The Weinstein Company co-President Harvey Weinstein saw fit to stick his finger in the eye of the MPAA on Monday, when he announced that the company would release Lee Hirsch’s doc BULLY without a rating from the trade association. Weinstein’s decision followed a weeks-long effort to get the MPAA to reduce its R rating to PG-13, in order to make it easier for adolescents to see the film’s anti-bullying message. Hirsch had argued that eliminating the foul language that was the cause of the R rating would diminish the authenticity of the film.
The decision to allow BULLY to go to theaters unrated left some wondering whether kids would be able to see it. Theater chain AMC posted a note on its website saying that kids 17 or younger would be allowed to watch the film if accompanied by a guardian, or if they presented a signed permission slip. The U.S.’s largest movie theater chain, Regal Cinemas, for its part said it would also play the film, but treat it the same way it treated R-rated films. Bully opened at five locations in New York and Los Angeles on Friday, March 30, and is scheduled to go into wider release on April 13.
Reviews of the film thus far have been relatively strong. The New York Times’ A.O. Scott anointed the film as a NYT Critic’s Pick, calling it a “moving and troubling documentary about the misery some children inflict upon others.” At NPR.com, Bob Mondello said the film was “ a wrenching, potentially transformative look at an epidemic of adolescent cruelty and adult paralysis in the nation’s public schools.” Kenneth Turan of the Los Angeles Times said a “theme of parental difficulty in getting satisfactory responses from those in authority positions in schools is one of BULLY’s constant refrains.”
Also this past week, Cambodian journalist Thet Sambath, the director of Khmer Rouge investigative doc ENEMIES OF THE PEOPLE, told the Guardian newspaper that he feared for his life, and had been harassed by state security forces for the last two years. The Guardian reported that “Sambath, a senior reporter for the Phnom Penh Post, said the harassment started in May 2010 after news reports circulated internationally about ENEMIES OF THE PEOPLE.” In the film, Sambath was able to get Khmer Rouge second-in-command Nuon Chea to talk on camera for the first time about his role in the killings that happened during the military junta’s rule.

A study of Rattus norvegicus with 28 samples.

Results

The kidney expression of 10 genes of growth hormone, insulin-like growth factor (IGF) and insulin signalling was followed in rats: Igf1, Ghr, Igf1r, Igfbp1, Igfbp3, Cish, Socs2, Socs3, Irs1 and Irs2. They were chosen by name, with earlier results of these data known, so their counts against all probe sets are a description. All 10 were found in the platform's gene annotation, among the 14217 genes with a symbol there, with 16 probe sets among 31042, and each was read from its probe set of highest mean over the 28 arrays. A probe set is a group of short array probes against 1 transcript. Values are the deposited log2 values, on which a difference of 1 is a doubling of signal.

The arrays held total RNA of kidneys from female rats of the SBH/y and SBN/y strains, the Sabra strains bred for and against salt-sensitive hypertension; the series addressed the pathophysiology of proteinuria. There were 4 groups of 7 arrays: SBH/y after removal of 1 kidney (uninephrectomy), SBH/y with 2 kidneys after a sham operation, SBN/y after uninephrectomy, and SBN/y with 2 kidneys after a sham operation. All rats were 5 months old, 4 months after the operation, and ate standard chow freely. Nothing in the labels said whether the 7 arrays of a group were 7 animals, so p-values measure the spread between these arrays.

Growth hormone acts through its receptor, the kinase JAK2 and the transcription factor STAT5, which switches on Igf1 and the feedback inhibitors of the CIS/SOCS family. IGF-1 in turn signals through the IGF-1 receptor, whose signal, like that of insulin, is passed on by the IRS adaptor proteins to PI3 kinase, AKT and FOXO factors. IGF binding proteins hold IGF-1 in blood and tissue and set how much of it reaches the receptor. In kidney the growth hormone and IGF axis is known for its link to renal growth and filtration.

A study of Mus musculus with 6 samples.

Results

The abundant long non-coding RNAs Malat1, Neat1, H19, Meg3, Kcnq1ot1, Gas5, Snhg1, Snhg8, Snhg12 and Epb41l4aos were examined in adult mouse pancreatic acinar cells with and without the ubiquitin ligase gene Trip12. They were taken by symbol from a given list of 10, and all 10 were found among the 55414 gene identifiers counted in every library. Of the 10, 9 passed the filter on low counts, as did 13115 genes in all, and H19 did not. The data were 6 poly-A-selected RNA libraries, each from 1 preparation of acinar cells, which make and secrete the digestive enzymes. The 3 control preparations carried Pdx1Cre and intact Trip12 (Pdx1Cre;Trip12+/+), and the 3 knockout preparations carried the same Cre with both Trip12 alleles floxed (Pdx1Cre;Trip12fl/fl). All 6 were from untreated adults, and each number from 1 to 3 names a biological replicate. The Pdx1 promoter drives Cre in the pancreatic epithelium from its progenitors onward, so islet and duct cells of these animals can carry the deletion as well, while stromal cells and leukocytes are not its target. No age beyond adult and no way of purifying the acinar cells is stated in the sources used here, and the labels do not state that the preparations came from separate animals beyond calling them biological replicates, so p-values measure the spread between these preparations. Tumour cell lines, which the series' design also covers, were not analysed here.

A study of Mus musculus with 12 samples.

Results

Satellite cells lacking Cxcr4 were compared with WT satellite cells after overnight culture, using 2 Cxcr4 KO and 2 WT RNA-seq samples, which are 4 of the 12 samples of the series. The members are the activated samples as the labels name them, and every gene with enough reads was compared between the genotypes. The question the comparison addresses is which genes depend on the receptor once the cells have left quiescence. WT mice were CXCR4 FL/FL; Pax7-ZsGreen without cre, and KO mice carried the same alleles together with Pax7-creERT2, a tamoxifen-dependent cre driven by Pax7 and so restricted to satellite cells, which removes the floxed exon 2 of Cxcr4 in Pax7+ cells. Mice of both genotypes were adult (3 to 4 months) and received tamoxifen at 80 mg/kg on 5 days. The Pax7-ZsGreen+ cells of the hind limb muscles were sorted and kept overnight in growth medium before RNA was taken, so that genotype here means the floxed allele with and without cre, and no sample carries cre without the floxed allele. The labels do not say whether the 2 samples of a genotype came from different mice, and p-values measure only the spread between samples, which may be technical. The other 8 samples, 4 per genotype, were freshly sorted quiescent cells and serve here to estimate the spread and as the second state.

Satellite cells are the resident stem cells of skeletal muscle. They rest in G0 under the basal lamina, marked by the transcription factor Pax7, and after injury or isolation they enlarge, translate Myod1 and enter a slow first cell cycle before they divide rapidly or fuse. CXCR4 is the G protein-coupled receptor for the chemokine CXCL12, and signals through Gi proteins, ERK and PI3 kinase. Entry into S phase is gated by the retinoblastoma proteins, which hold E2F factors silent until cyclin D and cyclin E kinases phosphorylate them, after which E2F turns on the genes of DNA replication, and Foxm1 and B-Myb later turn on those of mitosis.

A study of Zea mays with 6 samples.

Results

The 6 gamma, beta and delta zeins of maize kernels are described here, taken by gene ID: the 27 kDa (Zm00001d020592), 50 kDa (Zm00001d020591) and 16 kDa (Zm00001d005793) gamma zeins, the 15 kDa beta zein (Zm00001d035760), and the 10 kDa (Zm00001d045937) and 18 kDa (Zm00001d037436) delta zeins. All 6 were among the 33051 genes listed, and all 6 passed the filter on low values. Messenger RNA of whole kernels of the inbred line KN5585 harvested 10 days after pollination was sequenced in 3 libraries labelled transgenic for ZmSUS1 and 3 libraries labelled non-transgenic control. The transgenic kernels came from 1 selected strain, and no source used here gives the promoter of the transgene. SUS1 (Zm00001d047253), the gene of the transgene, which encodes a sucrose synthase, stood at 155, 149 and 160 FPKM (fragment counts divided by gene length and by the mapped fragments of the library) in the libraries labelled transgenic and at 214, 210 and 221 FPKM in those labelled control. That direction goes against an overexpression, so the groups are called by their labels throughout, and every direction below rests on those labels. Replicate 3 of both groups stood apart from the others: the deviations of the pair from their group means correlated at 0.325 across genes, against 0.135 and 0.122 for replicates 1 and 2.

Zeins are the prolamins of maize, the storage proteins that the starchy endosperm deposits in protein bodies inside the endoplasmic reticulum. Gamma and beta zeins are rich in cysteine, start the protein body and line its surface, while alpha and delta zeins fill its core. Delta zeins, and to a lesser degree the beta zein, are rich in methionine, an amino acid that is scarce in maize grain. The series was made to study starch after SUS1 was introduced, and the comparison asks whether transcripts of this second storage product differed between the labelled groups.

Outgoing International Documentary Association President Eddie Schmidt stopped to rap with Katharine Relth to mark his three-year run in the position. His advice for incoming president Marjan Safinia? “Maintain patience. Non-profit organizations can make great strides, but it really doesn’t happen overnight.” (Sounds like good advice for filmmakers too.)
Over at Sundance, Jeffrey Winter took a look at the way buzz had been built up online around Alison Klayman doc AI WEWEI: NEVER SORRY. Winter noted that the film had benefited from being a popular topic among Twitter adherents, among other things.
Back at the New York Times, critic Dennis Lim took a look at the Flaherty NYC program The Lives of Animals. Lim noted that footage of animals featured prominently in some of the earliest films, including famous works by Eadweard Muybridge and Étienne-Jules Marey, and wondered if “animals were encoded in the DNA of the cinema.”
Robert Redford did his part this week to hasten the death of newspapers, telling the BBC that documentaries had replaced broadsheets as the main source of investigative journalism. “You can show things in documentary films that maybe a government or some big corporation might hide,” Redford told the Beeb.
Christopher Campbell at the Documentary Channel has this week’s theatrical releases, which include BULLY, of course. But also in theaters this week is Jon Shenk’s THE ISLAND PRESIDENT. Campbell talked with Shenk about how the director found the story, and his past as a documentarian at Lucasfilm.
Stranger Than Fiction is taking the week off, but we’ll be back to kick off the Spring Season on Tuesday, April 10 with a screening of WE’RE NOT BROKE, a film by Karin Hayes and Victoria Brookes. The doc, a Sundance alum, takes a look at the ways that multibillion-dollar corporations avoid paying their U.S. income taxes. You can find out more information and buy tickets here. Also, consider picking up a Spring Season Pass, which will grant you access to all of the season’s screenings, as well as free popcorn.